Rob Gronkowski Outlook 2014

By Jake 12:07am EDT 7/23/14

Gronkowski is one of the most explosive players in the NFL having racked up just about a touchdown a game over a 4 year span. After undergoing back, forearm and ACL surgery in 2013 there are two big questions that need to be answered before going into this year’s draft:

1. Risk: Will Gronkowski make it through enough of a season in 2014 to make it count?
2. Performance: What can we expect from his performance returning from an ACL surgery?

Injury Risk:

Gronk has a high risk of getting injured this year (Rob Gronkowski’s injury history here). The fact that the back surgery he had last year was to relieve symptoms of a similar injury that laid him out in college is red flag. Any time a player has plates and screws in his body it increases risk of injury as well – especially in a body part like the forearm that is used by Tight Ends for blocking and swatting off 300lb linebackers.

It is rare for ACL’s to reoccur, however his ACL tear happened right at the end of 2013 which means he is in the early part of the 6-9 month recovery window that most athletes need to rehab before getting back on the field. The probability of injury arrow is definitely pointing up and there is a good chance that he will get injured this season. How severe it will be is hard to say but you should count on him missing a few games this season. Knee swelling, pulled hamstrings and ankle injuries are usually what follow the year after an ACL injury and this is heightened by the shortened recovery period he has had.


In trying to understand what his performance will look like we are going to base our projections on the research study titled: Outcomes of Anterior Cruciate Ligament Injuries to Running Backs and Wide Receivers in the National Football League. This paper was written in 2006 and studied a group of 24 NFL athletes (14 RBs and 10 WRs) who suffered from ACL injuries from 1998 to 2002.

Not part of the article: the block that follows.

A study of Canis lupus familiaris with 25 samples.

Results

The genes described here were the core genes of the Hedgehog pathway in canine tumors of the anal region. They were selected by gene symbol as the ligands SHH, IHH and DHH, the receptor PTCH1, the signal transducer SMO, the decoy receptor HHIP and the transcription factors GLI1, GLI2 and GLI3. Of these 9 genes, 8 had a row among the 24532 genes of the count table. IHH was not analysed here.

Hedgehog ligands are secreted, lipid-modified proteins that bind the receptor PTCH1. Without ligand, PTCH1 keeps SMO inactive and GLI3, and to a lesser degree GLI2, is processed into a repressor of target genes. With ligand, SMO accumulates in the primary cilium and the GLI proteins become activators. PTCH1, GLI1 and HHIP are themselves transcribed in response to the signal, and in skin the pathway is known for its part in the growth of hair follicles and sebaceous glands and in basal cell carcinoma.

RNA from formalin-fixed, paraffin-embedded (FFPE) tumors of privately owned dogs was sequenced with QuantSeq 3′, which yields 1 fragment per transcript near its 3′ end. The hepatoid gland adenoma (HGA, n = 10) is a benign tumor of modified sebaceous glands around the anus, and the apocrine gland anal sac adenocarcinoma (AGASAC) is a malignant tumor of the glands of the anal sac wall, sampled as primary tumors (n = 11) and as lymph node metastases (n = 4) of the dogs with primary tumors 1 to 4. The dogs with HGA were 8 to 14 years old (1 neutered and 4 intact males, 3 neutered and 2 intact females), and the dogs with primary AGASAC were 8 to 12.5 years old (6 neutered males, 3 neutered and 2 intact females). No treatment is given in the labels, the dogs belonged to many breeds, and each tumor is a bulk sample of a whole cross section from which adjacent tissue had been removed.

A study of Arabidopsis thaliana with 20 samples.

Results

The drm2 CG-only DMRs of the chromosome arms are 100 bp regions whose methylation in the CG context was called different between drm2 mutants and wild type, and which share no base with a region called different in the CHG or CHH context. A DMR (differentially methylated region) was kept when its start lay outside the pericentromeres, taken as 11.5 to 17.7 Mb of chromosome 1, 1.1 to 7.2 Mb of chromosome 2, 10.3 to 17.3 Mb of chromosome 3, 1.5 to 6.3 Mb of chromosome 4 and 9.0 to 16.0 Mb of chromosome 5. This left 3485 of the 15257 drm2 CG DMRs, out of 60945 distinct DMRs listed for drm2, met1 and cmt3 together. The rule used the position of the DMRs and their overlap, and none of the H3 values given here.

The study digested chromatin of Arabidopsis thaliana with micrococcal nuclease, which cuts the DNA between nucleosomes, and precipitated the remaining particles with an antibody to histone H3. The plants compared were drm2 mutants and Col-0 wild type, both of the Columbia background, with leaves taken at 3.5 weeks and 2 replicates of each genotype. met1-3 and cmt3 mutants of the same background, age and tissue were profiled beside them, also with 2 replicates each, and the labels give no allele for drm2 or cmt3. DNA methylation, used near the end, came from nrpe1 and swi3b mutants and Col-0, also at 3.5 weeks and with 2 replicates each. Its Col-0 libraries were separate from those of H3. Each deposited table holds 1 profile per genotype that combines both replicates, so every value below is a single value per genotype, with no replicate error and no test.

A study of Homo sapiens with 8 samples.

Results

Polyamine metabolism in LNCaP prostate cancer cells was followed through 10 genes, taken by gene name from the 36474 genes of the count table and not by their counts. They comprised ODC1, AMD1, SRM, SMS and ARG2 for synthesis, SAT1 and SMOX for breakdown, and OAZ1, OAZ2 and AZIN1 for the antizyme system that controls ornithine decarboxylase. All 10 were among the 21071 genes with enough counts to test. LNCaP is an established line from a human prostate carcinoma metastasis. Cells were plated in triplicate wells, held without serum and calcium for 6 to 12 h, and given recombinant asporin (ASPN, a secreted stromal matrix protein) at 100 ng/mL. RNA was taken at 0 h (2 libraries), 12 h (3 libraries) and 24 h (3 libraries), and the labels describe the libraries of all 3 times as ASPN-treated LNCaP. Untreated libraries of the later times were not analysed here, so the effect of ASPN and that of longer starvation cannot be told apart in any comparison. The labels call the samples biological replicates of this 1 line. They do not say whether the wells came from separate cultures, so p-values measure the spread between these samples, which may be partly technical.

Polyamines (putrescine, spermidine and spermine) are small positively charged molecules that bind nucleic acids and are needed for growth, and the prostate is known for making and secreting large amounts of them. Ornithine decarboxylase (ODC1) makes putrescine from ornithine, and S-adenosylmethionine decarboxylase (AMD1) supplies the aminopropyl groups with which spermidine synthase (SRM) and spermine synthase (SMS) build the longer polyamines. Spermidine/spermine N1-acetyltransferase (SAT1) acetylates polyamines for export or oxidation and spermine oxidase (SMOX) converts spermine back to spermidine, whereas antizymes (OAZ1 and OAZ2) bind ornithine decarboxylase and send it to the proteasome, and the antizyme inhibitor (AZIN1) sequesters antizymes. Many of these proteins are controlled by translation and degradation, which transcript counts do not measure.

In order to measure performance pre and post ACL injury they used a metric called “Power Rating” (PR) that is based on the following equation:

Power Rating = (Total Yards/10) + (touchdowns X 6)

In short they found that Running Backs returning from ACL injuries suffered a drop in power rating per game from 11.7 to 8.0 (-32%). Wide receivers who returned from an ACL injury experienced a decline in power rating from 7.7 per game to 4.6 (-41%).
For the sake of this article we will consider the TE position to be the same as the WR by focusing our comparative analysis on TEs who are used primarily as receivers and not inline blockers. The study used 3 year averages to establish a baseline so for the table below we look at TEs who were active in the same period to get an idea of power ranking and we also included some TEs who broke out last year to give an idea of context where the Gronk post ACL would fall.

2011- 2013 Elite Tight Ends Power Rating

Table 1 Rob Gronkowski 2014 OutlookAs you can see on a per game basis Gronk absolutely dominated the position whenever he took the field.

Gronk post ACL injury (Power Rating -41%) and where he would fall vs the top 5 TEs of 2013

table 2 Rob Gronkowski 2014 Outlook

Ultimately it doesn’t look good if Gronkowski is going to end up just outside the top 5. This plus his risk factor as outlined above would place him as a high risk/low reward option for redraft purposes.

A caveat to these numbers are that this study was done on injuries and surgery that was done over 10 years ago. Surgery practices along with the science of rehab have improved to a large extent since then allowing for players like Adrian Peterson and Jamaal Charles to return to the game and pick up as dominant as they left off. According to Dr Klapper who hosts the ESPN Weekend Warrior show Adrian Peterson has changed the bar for recovery from ACL surgery and we may see another version of that if Gronk comes back to dominate this season.

The biggest question that will need to be answered on draft day is what your strategy is with regard to risk. On the surface Gronk’s risk/reward profile does not meet the current ADP he is at (3.08 courtesy of Draft Sharks ADP tool). However if you’re open to risking a 3rd round pick on the return of the old, pre-ACL Gronk you should make plans on hedging that risk elsewhere by avoiding risky Running Backs and Wide Receivers.